Los Angeles council may backtrack on dispensary closures

The Los Angeles City Council is considering a measure that would allow about 140 medical marijuana dispensaries that were forced to close to reopen.

The Los Angeles City Council passed a city ordinance in June to curb the growing number of dispensaries allowed to operate in the city.  Almost 450 dispensaries were sent cease and desist letters and forced to close their doors. The plan was to leave in place the 180 dispensaries that had registered with the city before a 2007 moratorium was passed.

Since 2007 wrangling between the city council, the LA County Sheriff’s department and the LA District Attorney, Steve Cooley led to a failure of enforcing the 2007 moratorium, or working out rules and regulations to govern this growing economic force of marijuana distribution centers. But with the moratorium back in place, and the new rules for the remaining 180 dispensaries, only 40 of them qualified under the new guidelines leaving a large population of Los Angeles medical marijuana users to head back to the black market.

Most of the dispensaries sent the letters have closed their doors and the economic impact has become visible.  Eagle Rock, an area that emerged as the epicenter of the neighborhood activism against dispensaries was once ringed with shops that have since closed down. Most closures were volunteer, but many were closed after police force teams raided the businesses, confiscated cash, equipment and medical marijuana. An unknown number of dispensaries are now operating underground, or providing a quasi-legal delivery service for medical marijuana patients.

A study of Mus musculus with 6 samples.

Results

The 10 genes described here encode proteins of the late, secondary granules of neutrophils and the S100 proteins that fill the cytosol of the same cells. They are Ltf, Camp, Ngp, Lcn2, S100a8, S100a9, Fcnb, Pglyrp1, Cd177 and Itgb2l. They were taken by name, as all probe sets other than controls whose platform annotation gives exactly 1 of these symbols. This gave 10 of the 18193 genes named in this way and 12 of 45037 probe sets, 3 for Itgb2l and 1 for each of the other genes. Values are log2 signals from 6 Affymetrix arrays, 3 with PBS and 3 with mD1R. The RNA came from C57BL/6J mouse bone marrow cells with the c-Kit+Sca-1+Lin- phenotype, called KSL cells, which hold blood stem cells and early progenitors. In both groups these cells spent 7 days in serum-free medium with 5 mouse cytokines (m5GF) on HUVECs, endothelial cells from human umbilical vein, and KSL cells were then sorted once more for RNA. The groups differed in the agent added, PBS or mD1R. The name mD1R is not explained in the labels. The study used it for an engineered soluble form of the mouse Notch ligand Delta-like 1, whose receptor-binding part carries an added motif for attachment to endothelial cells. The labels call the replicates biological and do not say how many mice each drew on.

Several lawsuits are pending challenging the ordinance and the city is set to spend big dollars defending their position. The Los Angeles City Council is now considering a vote to change one rule in the ordinance that disqualified many of the 140 dispensaries that were opened before the moratorium. That rule said that they would be disqualified if they had any management changes over the last three years. Under the new proposal, the dispensaries could reopen if they have at least one primary owner or manager from the initial registration, leaving a small crack for many to re-qualify.

The new amendment introduced by Councilman Paul Koretz says dispensaries could remain open or reopen if they have “substantially” the same ownership or management. The lawyers representing many of the dispensaries will be following this vote very closely.